Sunday, October 23, 2011

Libyan heritage update

UNESCO convenes Libyan and international experts meeting for the safeguard of Libya’s cultural heritage
World Heritage Convention

I haven't seen any update about the outcome of this meeting, which took place two days ago, but something should be released in the next couple of weeks.

UNESCO has invited experts from both inside and outside of Libya to urgently examine the preservation of cultural heritage in the country, notably measures to safeguard cultural sites; prevent illicit trafficking, protect museums and strengthen cultural institutions in the wake of civil strife and the overthrow of the Gaddafi regime. The meeting - the first on protecting Libyan cultural heritage after the fall of the regime - will take place at UNESCO Headquarters in Paris on 21 October.

A press conference will be held during the meeting (1 p.m. Room VIII).

Irina Bokova, the Director-General of UNESCO, will open the session, during which experts will discuss the findings of the mission to Libya organized in late September by the Association of National Committees of the Blue Shield. The Blue Shield is the distinctive emblem created by the Convention for the Protection of Cultural Property in the Event of Armed Conflict, (The Hague, 1954).*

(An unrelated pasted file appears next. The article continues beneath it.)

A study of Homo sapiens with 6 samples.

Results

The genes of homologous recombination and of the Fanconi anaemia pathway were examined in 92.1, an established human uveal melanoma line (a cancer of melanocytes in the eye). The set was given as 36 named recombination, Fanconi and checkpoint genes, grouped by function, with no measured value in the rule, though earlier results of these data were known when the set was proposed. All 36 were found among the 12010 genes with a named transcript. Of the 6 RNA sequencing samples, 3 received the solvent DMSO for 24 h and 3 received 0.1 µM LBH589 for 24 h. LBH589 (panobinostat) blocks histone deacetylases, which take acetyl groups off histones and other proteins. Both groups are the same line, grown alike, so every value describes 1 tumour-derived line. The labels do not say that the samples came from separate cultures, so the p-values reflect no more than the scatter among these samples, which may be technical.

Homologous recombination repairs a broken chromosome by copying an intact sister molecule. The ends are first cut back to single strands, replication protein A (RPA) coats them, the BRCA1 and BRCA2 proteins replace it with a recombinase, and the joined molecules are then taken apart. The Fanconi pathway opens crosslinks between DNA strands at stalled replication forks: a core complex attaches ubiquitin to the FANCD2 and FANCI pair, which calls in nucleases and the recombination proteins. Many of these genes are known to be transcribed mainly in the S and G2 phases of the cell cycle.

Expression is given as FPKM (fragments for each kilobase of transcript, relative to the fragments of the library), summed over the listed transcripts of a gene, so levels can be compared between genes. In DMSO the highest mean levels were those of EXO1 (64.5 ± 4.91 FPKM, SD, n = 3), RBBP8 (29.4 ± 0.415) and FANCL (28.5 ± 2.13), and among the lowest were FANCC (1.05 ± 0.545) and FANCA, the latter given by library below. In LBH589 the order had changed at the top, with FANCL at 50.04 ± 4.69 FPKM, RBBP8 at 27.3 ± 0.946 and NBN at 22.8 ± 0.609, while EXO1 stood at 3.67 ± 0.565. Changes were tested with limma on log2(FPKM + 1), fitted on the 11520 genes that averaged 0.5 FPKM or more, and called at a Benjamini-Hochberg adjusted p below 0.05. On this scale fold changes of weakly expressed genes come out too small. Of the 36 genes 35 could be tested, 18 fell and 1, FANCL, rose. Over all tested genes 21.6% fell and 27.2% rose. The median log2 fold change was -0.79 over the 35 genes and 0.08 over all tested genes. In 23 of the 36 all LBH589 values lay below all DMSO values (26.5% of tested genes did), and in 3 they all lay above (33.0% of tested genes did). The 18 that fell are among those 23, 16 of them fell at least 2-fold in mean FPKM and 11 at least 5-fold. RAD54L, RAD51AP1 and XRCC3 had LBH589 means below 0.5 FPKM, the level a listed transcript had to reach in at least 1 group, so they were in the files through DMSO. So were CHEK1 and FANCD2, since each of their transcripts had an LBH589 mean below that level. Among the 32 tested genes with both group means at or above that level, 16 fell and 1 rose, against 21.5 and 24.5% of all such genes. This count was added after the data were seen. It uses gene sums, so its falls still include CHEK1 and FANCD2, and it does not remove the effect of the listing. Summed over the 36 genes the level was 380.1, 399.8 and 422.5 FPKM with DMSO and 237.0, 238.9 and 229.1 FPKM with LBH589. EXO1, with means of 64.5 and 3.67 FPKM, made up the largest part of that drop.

Participants scheduled to attend the meeting include: Saleh Al Agab Abdallah, Chairman of the Department of Antiquities (Libya); Hafed Walda, King's College Classics department, London, archaeological mission, Leptis Magna; and Ahmad Bouzaian, of the University of Garyunis, Benghazi (Libya).

In Tripoli's museum of antiquity only Gaddafi is lost in revolution
The Guardian, UK (David Smith)

Gaddafi opened the Jamahiriya Museum in Tripoli 23 years ago on Sunday. And he made sure visitors were left in no doubt that the flowering of Roman, Byzantine and Islamic cultures were mere historical footnotes to his own ascent as "king of kings".

Brushing aside curators' preference for classical antiquity, Libya's leader gave pride of place in the first gallery to the Volkswagen Beetle he drove in the sixties and the open-top Jeep that swept him to power in 1969. Both have been vandalised and their future is uncertain in a post-Gaddafi Libya, where his ubiquitous image has been furiously purged from everything but banknotes.

At 11.30pm on 20 August 2011, as rebels launched their first attack on the Libyan capital, 20 armed men entered the museum, located in the Red Castle, at the corner of former Green Square.

They believed that the lecture theatre there had a secret underground tunnel leading to one of Gaddafi's residences on the Mediterranean coast.

That was untrue, but the rebels spotted the colonel's vintage cars and, as elsewhere, wreaked their revenge.